The evolution of the human brain has produced complex creatures, part rational and part metaphysical. When I think of rational side of humanity I think of scientists, people like Galileo, Newton, Curie, Darwin and Einstein. When I think of the metaphysical side I think of religionists, people like Buddha, John Calvin, Pope Pius XII, Joseph Smith, L. Ron Hubbard and Pat Robertson.
This dichotomy occurred to me when I read a very interesting post by Duane Graham wherein he discusses a recent religious diatribe against the President in a public setting. The attacker was convinced that Obama is the Antichrist and that his election heralds that Armageddon is coming soon. In Duane’s post is embedded an interesting commentary by MSNBC’s Lawrence Odonnell about it. I submit that the extremism of religiosity being displayed by the right in politics makes this sort of thing important reading for all of us.
Isn’t it interesting that someone in the twenty-first century, with all that is known about science and history, can still believe in such nonsense? I find it so, although I was not surprised to read about it because of all the other nuttiness that has gone on in the name of spiritualism, things like the 1978 Jonestown mass suicide in which 918 people, including 270 children, perished. Then there was the Heaven’s Gate mass suicide in 1997 in which 39 people allowed themselves to be convinced that a UFO was coming to pick them up and that they needed to destroy their mortal bodies in order to get their souls on board.
How can this human behavior be explained? Personally, I buy the theory put forth by Matthew Alper in his book, The “God” Part of the Brain. His premise is put forth in part thusly:
How else are we to explain the fact that all human cultures – no matter how isolated – have maintained a belief in some form of a spiritual/transcendental reality, in a god or gods, a soul, as well as an afterlife? How else are we to explain the fact that every human culture has built houses of worship through which to pray to such unseen forces? Or that every known culture has buried (or at least disposed of) its dead with a rite that anticipates sending the deceased person’s “spiritual” component, or what we call a soul, onward to some next plane, or what we call an afterlife? Wouldn’t the universality with which such perceptions and behaviors are exhibited among our species suggest that we might be “hard-wired” this way? How about the fact that every known culture has related undergoing what we refer to as spiritual experiences? Perhaps we are “hard-wired” to experience such sentiments as well. Just as all honeybees are compelled to construct hexagonally shaped hives, perhaps humans are compelled to perceive a spiritual reality…as a reflex, an instinct.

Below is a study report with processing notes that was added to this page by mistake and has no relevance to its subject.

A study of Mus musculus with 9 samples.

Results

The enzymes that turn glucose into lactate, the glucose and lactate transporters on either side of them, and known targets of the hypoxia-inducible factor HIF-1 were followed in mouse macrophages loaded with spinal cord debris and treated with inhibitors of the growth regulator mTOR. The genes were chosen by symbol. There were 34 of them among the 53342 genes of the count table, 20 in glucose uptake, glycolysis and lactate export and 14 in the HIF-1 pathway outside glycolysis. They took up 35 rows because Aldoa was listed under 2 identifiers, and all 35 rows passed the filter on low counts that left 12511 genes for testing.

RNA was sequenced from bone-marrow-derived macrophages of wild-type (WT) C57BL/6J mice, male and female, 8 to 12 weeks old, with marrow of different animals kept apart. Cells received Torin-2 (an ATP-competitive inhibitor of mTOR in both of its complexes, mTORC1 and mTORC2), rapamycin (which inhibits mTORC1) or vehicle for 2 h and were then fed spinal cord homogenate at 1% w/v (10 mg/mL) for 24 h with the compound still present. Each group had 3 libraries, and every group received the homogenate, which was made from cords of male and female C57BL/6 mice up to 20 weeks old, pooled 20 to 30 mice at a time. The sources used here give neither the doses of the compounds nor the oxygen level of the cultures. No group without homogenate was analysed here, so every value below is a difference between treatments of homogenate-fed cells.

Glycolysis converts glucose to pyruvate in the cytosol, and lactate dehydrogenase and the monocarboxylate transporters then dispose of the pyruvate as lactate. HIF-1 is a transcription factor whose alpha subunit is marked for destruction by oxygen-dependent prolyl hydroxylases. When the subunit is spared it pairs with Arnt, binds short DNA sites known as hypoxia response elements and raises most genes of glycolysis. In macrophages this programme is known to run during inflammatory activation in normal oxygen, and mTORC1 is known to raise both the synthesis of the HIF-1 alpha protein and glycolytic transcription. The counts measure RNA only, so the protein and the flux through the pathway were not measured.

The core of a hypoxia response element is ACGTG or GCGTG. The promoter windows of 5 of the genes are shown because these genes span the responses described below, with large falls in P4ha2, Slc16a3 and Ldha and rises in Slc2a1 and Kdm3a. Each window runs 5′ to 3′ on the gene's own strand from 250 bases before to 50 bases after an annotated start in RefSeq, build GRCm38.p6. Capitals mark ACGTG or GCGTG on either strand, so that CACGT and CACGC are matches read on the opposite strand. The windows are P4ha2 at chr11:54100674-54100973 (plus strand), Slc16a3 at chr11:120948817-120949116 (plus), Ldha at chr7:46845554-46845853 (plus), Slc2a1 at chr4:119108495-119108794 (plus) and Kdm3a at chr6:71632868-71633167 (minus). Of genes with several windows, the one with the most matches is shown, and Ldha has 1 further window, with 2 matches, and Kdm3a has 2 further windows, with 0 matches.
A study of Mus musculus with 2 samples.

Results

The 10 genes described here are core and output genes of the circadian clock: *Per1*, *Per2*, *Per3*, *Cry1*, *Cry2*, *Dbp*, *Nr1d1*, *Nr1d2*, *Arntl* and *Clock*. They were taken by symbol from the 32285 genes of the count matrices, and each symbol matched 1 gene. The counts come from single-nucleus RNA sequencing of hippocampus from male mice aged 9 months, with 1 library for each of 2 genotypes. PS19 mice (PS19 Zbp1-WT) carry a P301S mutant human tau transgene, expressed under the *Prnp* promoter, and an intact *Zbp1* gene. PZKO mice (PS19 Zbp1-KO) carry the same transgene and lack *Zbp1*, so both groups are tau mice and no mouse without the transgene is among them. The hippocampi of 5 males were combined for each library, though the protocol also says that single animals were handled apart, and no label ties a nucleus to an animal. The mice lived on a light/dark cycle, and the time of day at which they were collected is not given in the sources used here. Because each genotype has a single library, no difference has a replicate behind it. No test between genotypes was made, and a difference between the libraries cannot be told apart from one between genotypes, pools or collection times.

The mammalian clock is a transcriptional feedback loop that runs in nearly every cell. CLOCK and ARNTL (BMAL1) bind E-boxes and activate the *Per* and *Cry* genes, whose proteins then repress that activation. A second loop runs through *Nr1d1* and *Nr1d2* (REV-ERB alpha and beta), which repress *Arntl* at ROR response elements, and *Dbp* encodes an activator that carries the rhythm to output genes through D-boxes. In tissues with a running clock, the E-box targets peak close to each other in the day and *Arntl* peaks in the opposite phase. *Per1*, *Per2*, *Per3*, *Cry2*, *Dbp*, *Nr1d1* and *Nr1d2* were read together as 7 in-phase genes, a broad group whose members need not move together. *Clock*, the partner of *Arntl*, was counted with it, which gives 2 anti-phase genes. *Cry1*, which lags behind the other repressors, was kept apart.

Here lies the origin of humankind’s spiritual function, an evolutionary adaptation that compels our species to believe that though our physical bodies will one day perish, our “spirits” or “souls” will persist for all eternity. Only once our species was instilled with this inherent (mis)perception that there is something more “out there,” that we are immortal beings, were we able to survive our debilitating awareness of death.
If you have trouble buying into Alper’s concept, please check out Wikipedia’s partial list of religions. I count 40 major categories of them and there are hundreds of subdivisions under those.
F. Scott Fitzgerald said,
“The test of a first-rate intelligence is the ability to hold two opposing ideas in mind at the same time and still retain the ability to function.”
I think F. Scott got it wrong. I think holding two opposing ideas at once is something most people do every day, or at least every Sunday. It has little to do with first-rate intelligence and everything to do with evolution. I mean, just look at how little time we modern humans have been around. Using 25 years for a generation (that’s what Ancestry.com uses), Homo sapiens has been a species for only 7,600 generations, has used written language for only 240 generations, and has had useful powered machines for only 12 generations. (The dinosaurs, in comparison, ruled the earth for 2,400,000 generations – or they would have if there had been humans to have generations then.)
If you still don’t agree with me, try reading up on the Texas Education Board and their selection of textbooks.